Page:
Ghana’s energy transition plan criticized for lack of practical steps towards attaining net zero goal

The Civil Society Platform on Oil and Gas (CSPOG) has expressed concern over Ghana’s Energy Transition (ET) plan, stating that it lacks practical steps to seize the opportunities that come with achieving the net zero goal. Ghana, which aims to achieve net zero emissions by 2070, has projected an estimated cost of US$561.8 billion for this transition, according to the National Energy Transition Framework. However, Dr. Steve Manteaw, the Chairman of CSPOG, criticized the country’s approach to transition, describing it as a “business-as-usual attitude,” and suggested that the 2070 target is not ambitious enough to keep up with the country’s energy future.

Dr. Manteaw, who is also the co-chair of the Ghana Extractive Industry Transparency Initiative (GHEITI), argued that the fossil fuel industry in Ghana is not considering transition but rather net zero. He pointed out that without a clear cross-sectorial strategy and action plan, Ghana’s 2070 target will miss many opportunities that the transition affords, such as developing silica sand to become a solar panel hub in Africa. He urged the country to hasten moderately, in a way that does not put it in the tail-end of the race.

During the workshop on ET, which was organized by the Natural Resource Governance Institute (NRGI), the deputy Director of Renewable and Nuclear Energy at the Ministry of Energy, Dr. Robert Bright Mawuko Sogbadji, argued that Ghana’s estimated cost of US$561.8 billion for net zero emissions is not on the high end. He pointed out that other countries in the sub-region, like Nigeria, aim to spend some US$1 trillion to achieve their net zero target, making Ghana’s investment relatively lower.

Dr. Sogbadji also noted that the country’s projected gross domestic product (GDP) makes the estimated cost of transition realistic and moderate. The International Monetary Fund (IMF) projects Ghana’s GDP to grow to some US$88 billion by 2027 and US$880 billion by 2070. He maintained that the current economic challenges are temporary, considering the time required for the country to achieve its energy transition goal. He expressed optimism about meeting the ET target and cited the progress made in investments in renewables in the last four years.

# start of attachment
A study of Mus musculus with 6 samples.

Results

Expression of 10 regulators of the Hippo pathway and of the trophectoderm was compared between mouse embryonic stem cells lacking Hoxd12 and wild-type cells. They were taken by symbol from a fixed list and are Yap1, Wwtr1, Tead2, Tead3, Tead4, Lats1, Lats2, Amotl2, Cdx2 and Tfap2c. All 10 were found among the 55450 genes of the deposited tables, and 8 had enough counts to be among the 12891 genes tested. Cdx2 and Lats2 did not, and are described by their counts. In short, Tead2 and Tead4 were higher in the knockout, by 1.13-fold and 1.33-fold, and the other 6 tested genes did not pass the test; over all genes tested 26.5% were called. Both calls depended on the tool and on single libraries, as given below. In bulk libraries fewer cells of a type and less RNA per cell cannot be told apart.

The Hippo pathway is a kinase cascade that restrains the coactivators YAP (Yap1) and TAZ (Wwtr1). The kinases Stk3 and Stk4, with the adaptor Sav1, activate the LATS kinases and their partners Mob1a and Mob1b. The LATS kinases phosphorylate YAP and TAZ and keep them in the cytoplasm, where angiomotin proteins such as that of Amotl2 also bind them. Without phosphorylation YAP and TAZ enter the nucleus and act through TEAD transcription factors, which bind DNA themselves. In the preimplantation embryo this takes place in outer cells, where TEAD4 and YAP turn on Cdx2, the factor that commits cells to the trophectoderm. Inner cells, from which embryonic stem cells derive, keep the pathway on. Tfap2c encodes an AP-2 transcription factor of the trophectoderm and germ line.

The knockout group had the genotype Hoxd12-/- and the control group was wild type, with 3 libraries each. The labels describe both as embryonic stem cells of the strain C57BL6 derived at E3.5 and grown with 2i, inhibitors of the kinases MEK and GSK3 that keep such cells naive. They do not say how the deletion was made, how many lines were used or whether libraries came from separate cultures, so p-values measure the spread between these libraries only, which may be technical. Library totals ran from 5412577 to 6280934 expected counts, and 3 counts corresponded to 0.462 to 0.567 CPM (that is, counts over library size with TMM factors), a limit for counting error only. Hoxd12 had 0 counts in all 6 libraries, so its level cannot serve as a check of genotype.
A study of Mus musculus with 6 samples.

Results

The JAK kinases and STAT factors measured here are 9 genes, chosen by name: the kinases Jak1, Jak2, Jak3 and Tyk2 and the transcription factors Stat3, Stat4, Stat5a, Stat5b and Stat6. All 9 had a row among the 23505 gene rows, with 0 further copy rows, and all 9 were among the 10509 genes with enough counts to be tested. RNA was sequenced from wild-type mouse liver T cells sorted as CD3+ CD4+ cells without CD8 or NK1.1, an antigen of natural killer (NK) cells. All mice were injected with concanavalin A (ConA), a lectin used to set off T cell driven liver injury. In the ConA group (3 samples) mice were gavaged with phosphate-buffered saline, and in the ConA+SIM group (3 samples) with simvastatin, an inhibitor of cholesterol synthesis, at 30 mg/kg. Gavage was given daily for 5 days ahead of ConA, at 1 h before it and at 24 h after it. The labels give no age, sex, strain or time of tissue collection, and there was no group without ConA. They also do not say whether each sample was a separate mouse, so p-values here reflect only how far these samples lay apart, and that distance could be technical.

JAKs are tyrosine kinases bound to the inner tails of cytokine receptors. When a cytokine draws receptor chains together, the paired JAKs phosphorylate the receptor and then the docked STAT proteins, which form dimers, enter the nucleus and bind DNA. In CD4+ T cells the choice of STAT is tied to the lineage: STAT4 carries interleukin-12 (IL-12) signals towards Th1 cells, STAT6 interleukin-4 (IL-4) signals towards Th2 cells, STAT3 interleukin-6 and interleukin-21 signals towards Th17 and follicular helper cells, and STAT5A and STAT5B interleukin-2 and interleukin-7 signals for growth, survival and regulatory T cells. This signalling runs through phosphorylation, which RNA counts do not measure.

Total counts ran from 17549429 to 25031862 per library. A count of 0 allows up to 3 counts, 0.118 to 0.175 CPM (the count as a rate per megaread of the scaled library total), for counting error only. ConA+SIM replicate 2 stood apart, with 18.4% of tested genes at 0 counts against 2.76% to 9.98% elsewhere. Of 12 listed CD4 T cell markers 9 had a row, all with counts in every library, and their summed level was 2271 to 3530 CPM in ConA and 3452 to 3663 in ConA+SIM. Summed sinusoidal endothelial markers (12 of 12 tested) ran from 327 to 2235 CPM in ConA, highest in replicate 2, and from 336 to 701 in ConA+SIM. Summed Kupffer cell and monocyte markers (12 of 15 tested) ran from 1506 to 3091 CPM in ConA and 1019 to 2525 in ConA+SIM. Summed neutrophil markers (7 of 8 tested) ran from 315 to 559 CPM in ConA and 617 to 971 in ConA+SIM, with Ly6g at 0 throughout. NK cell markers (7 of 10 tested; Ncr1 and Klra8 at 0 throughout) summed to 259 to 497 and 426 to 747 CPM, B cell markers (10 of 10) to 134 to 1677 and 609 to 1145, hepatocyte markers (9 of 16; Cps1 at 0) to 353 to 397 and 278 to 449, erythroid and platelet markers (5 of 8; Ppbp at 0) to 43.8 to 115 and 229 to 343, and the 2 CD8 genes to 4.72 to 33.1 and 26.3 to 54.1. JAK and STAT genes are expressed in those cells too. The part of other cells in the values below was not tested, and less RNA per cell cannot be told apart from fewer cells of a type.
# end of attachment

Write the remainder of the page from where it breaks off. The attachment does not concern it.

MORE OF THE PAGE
Dr. Alex Ampaabeng, a senior economic analyst at NRGI, explained the rationale behind the workshop. He noted that the media and civil social organizations represent a significant segment of Ghanaian society and are key stakeholders whose views and input are vital in the ET process. Given the transition’s gender and equity dimensions, transparency and corruption risks, he emphasized the importance of getting the media and CSOs to understand the energy transition and how the country intends to finance it. This understanding will enable them to play active roles in a just and transparent transition process.

Ghana’s Energy Transition plan is facing criticism for its lack of practical steps to seize the opportunities that come with achieving the net zero goal. The CSPOG and Dr. Manteaw have urged the country to hasten moderately and avoid a business-as-usual attitude. On the other hand, Dr. Sogbadji maintains that the estimated cost for net zero emissions is moderate, and the current economic challenges are temporary. The workshop organized by NRGI emphasizes the importance of understanding the energy transition process and financing it to ensure a just and transparent transition.